As a pediatrician, so many of the questions I get from new moms involve breastfeeding their newborns. I find, however, that the biggest questions regarding breastfeeding tend to arise within the first day or two after the baby is born. From worrying the baby isn’t getting enough nutrition to wondering how much milk new moms should be producing, I tend to find that new parents overestimate what the baby needs, and underestimate the value of colostrum.
What is it?
Colostrum is the first milk produced during a pregnancy, and it is an extremely important part of your baby’s developmental plan. It is incredibly rich - full of antibodies and glycoproteins with fascinating functions. Colostrum is thicker than the breast milk that comes in within three to four days after birth and ranges in color from clear to deep golden. Because of its thickness, pumping is generally not as effective as breastfeeding or hand expressing in removing colostrum from the breast. Colostrum is in highest concentration at the first feeding, after it has been collecting in the breasts for the last bit of your pregnancy. This feeding typically ranges from five to 25mL. As you continue to feed your newborn, colostrum will slowly be replaced with mature milk.
Why is there so little colostrum?
Babies come out waterlogged from being surrounded by amniotic fluid for nine months They have sugar stored up in their livers and the same kind of fat as a hibernating bear. They have small stomachs, which initially holds about 5 mL but stretch out over the first few days of life. It is hard work to get the colostrum from the breast, and the tiny tummy empties pretty quickly, so the baby will seem to feed constantly in the first three days. Many new moms worry their baby isn’t getting enough nutrients, but your baby actually has enough fluid and calories packed into their system to make it through until Mom’s milk comes in. The frequent feeds actually promote a great milk supply in Mom.
Why is it important?
Your body has protected your baby from the outside world for nine months. The baby has only had exposure to human proteins and a sterile environment. One of the reasons colostrum is so important is because it readies them for introduction into this new environment filled with germs and foreign proteins. From the air, to the blanket they are wrapped in to their own thumbs, new babies are now exposed to hundreds if not thousands of germs and proteins they were not previously exposed to. All of the specialized proteins and antibodies that colostrum contains serve to protect your baby from the infections these germs could cause, and act to mature the intestines so that they can exclude foreign proteins from the bloodstream, preventing allergies and other harm from them. Colostrum is essential to the baby’s health.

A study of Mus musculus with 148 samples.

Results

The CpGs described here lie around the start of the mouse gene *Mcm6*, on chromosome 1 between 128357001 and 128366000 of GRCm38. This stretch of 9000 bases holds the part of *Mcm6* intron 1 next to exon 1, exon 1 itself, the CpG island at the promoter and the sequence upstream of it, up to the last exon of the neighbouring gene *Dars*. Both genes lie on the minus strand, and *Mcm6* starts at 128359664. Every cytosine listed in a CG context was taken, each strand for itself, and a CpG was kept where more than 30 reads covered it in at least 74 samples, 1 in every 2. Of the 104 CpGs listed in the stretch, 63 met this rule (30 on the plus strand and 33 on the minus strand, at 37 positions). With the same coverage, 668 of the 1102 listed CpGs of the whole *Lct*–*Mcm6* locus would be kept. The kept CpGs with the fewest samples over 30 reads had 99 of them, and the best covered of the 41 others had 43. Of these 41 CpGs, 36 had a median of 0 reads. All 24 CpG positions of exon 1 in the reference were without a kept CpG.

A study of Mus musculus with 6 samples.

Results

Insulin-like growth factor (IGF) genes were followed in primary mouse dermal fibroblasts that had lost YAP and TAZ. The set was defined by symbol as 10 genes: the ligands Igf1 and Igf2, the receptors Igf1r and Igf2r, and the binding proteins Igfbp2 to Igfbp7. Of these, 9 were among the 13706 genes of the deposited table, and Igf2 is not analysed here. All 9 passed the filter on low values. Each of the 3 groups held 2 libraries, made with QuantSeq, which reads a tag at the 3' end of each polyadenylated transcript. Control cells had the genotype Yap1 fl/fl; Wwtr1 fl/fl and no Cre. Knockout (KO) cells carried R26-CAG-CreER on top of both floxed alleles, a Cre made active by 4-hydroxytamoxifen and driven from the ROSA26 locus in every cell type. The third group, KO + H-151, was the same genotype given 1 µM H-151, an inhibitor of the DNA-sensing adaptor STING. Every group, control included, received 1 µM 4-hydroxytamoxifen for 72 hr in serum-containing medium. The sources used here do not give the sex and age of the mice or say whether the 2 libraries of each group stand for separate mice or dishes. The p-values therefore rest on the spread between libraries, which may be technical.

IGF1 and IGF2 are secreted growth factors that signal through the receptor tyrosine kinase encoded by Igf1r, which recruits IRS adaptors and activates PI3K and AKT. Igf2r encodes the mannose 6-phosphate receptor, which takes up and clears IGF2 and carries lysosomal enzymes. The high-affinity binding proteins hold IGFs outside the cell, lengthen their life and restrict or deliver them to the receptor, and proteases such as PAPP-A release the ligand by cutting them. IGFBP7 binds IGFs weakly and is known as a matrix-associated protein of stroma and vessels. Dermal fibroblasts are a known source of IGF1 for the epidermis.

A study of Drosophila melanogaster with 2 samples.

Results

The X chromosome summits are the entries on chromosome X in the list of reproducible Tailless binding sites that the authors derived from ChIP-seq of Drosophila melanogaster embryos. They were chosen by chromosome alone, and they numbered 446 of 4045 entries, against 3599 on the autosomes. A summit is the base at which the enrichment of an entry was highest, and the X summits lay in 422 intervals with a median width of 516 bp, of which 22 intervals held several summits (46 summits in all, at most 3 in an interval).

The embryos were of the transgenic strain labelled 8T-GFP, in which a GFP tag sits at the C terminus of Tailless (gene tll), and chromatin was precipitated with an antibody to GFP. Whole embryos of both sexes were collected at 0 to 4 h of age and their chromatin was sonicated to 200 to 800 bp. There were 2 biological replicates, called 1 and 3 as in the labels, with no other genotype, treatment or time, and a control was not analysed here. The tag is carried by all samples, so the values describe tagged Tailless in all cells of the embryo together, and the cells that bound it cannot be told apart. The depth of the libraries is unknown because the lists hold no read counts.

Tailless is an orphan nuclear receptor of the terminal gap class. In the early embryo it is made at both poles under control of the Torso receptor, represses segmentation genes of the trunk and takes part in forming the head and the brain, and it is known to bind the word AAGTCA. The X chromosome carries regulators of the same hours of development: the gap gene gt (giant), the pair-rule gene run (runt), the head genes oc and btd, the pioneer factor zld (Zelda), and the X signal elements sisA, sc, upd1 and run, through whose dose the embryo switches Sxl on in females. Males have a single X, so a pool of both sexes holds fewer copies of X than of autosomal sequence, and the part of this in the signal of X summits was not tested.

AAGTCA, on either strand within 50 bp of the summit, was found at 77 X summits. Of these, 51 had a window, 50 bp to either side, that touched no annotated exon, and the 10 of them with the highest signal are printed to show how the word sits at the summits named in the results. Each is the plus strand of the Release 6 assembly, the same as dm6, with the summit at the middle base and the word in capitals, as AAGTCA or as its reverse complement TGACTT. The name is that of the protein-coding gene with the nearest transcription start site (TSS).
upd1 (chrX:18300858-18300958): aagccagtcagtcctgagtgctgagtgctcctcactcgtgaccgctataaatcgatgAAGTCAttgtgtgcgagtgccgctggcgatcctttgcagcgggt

What are other benefits of colostrum?
- Aside from serving as the final step in preparation for your baby to be in the outside world apart from you, colostrum offers so many benefits for your newborn.
- It has a laxative effect for the baby, which helps them pass their meconium.
- Because of this laxative effect, it aids in the ridding of excess bilirubin and helps to prevent jaundice.
- Colostrum contains a large concentration of white cells called leukocytes. These leukocytes help to protect your baby against infection along with the antibodies.
- Because of its anti-infective nature, colostrum may also help mothers with sore breasts-putting a little colostrum on the affected area will help to heal any irritation you might be having from a poor latch.
The benefits of colostrum are enormous, and understanding what it is and what it does could be an important factor in your decision to breastfeed.
Do you have any questions regarding colostrum or breastfeeding? Sharing any first-time mom apprehensions you may have with moms who have first-hand breastfeeding experience may help to lessen your uneasiness. Get in on the conversation and leave a comment below!
Dr. Melaine Mouzoon, F.A.A.P., is a pediatric hospitalist and managing physician of Immunization Practices and Travel Medicine at Kelsey-Seybold. She’s an advocate for supporting new moms in achieving successful breastfeeding and in helping new dads to become involved in the care and emotional support of their children.